Policy

iNACOL Publishes Federal and State Policy Frameworks To Launch Annual Symposium

An organization that focuses on "student-centered learning" has issued two briefing papers to advise federal and state policymakers on areas of regulation that it believes are holding back personalized learning in K-12. The International Association for K-12 Online Learning (iNACOL) provides specific policy frameworks in each report that the non-profit considers essential for creating "sustainable, systemic" change in education.

The iNACOL Federal Policy Frameworks 2015 offers recommendations in eight areas:

  • To redesign assessment around student-centered learning by revamping the Elementary and Secondary Education Act (ESEA) to allow state systems of assessment to measure student learning in new ways;
  • To rethink accountability for continuous improvement of next-generation learning models by being more transparent, "celebrating" student growth, calculating how quickly achievement gaps are being closed and showing in real time where groups of students need supports and interventions;
  • To modernize educator development by creating systems and incentives that put the focus on competency to teach and lead in personalized learning environments;
  • To make personalized learning a priority in federal grant programs;
  • To protect student data privacy and security while also encouraging the use of student data to provide personalized instruction;
  • To invest in research and development by collecting baseline data on K-12 blended, online and competency-based programs;
  • To build technology infrastructure and broadband access for low-income and rural communities; and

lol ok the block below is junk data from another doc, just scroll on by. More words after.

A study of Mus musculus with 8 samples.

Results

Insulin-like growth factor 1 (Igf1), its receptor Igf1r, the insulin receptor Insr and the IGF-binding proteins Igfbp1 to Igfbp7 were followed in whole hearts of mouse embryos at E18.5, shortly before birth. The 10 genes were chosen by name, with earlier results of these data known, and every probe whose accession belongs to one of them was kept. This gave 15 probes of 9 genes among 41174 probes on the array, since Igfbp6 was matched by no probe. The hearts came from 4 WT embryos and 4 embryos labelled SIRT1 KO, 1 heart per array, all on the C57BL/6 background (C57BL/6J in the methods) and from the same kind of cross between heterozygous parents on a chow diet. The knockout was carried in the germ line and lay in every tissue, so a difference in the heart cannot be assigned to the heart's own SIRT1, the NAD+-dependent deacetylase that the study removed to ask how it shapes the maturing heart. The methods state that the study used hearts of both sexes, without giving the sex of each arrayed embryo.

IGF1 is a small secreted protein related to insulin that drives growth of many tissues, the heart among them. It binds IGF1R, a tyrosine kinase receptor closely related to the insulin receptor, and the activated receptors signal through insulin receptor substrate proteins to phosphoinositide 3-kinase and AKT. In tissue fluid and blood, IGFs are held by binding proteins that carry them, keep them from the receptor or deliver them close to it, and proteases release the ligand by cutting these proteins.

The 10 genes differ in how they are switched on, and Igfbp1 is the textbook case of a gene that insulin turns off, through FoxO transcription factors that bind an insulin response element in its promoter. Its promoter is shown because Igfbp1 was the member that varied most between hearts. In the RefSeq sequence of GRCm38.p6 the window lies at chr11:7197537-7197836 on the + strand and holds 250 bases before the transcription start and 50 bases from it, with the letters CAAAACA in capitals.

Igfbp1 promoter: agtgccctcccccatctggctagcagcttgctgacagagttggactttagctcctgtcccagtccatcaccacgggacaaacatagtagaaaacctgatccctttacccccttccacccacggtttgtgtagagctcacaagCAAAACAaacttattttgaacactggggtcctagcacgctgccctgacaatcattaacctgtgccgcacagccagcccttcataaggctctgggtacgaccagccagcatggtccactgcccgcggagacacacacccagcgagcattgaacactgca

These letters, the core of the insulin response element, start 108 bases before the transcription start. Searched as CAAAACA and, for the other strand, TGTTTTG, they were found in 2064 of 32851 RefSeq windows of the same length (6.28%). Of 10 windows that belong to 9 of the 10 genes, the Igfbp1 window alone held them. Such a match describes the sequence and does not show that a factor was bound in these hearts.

• To support the development and use of open educational resources.

The iNACOL State Policy Frameworks 2015: 5 Critical Issues To Transform Education paper offers guidance in five areas for state leaders:

  • To create competency-based systems of education that give schools flexibility in trying out new learning models and redesign state systems of assessment to align with competency-based learning;
  • To improve student access and equity by providing funding for blended learning at a level comparable to the funding provided for brick-and-mortar settings and to ensure that per-student funding formulas are weighted to give the needed resources for supporting at-risk students, those with disabilities and English language learners;
  • To ensure quality with standards and performance metrics by monitoring online learning providers and being willing to shut down those that "persistently fail" in achieving positive student outcomes and to reward those that enable student growth;
  • To modernize educator professional development and help teachers transform their instructional practices to address new models of instruction, including personalized learning, blended learning and competency-based learning; and
  • To build infrastructure that will support those new models, including improvement of state broadband, protection of student data and creation of updated state data systems.

"Over the last decade, the education space has witnessed unprecedented transformation of teaching and learning powered by new learning models that allow personalization of instruction for each student. However, this shift cannot be sustained without changes in federal and state policy," noted iNACOL President and CEO Susan Patrick. "The issues and recommendations in these policy briefs provide a framework to transform federal and state policy to accelerate personalized learning and transform learning at scale."

The federal document is available on the iNACOL Web site.

The state document is available here.

About the Author

Dian Schaffhauser is a senior contributing editor for 1105 Media's education publications THE Journal and Campus Technology. She can be reached at dian@dischaffhauser.com or on Twitter @schaffhauser.